Is it normal for baby to be born with undescended testicles?
Updated March 9, 2020

If you suspect that baby has an undescended testicle, know that he might actually have a different condition, called retractile testes, in which baby’s doctor can’t find the testicles because of a muscle reflex. In that case, the testicles are in the scrotum but sometimes temporarily retract into the groin. This condition isn’t a big worry because the testicles will finally go down to where they should be at puberty, and surgery isn’t needed at all. In some cases, baby might not even have a testicle at all, which is often a congenital problem.

If a testicle can’t be felt during a physical exam, your pediatrician may decide to perform an ultrasound, CT scan or MRI to evaluate the testes. If it’s found that baby’s testicles haven’t descended by the time he’s nine months old, the doctor may suggest a surgery called orchiopexy. During this procedure, baby’s testicle is brought down into the scrotum. It’s typically performed on an outpatient basis, and the success rate is 98 percent. An undescended testicle should be treated surgically by the time baby’s 9 to 15 months old. That’s because correcting the problem can prevent permanent damage to the testicles resulting from the high temperature of the rest of the body, which can stop the normal development of the testicle, impair sperm in the future and possibly lead to infertility. Undescended testicles are more likely to form a tumor than normally descended testicles. Also, they may be more prone to injury and hernias.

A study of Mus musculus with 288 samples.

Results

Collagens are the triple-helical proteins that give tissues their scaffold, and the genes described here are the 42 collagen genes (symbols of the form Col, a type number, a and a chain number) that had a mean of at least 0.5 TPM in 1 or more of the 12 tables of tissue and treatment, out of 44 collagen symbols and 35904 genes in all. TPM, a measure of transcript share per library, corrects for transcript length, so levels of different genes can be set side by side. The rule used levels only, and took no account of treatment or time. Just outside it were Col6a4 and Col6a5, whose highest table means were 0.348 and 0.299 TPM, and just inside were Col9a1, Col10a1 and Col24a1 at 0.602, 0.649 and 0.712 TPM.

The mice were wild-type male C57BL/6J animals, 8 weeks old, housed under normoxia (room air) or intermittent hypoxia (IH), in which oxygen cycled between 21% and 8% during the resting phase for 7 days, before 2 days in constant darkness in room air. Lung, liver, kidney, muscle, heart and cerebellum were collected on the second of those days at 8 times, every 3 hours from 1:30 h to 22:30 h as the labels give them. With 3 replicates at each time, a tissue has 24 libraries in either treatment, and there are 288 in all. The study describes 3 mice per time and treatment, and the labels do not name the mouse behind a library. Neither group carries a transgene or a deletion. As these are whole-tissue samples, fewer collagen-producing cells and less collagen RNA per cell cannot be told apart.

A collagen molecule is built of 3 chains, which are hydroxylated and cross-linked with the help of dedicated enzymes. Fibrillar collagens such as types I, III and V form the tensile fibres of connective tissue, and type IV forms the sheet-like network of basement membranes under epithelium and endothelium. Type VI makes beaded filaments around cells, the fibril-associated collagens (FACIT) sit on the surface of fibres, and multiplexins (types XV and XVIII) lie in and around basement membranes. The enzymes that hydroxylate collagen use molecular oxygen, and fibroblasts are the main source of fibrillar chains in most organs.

If a baby boy has had an undescended testicle, it’s recommended that you have the doctor check it by the time he’s six to nine months old, and follow up with an urologist regularly as your child grows older.

Plus, more from The Bump:

Please note: The Bump and the materials and information it contains are not intended to, and do not constitute, medical or other health advice or diagnosis and should not be used as such. You should always consult with a qualified physician or health professional about your specific circumstances.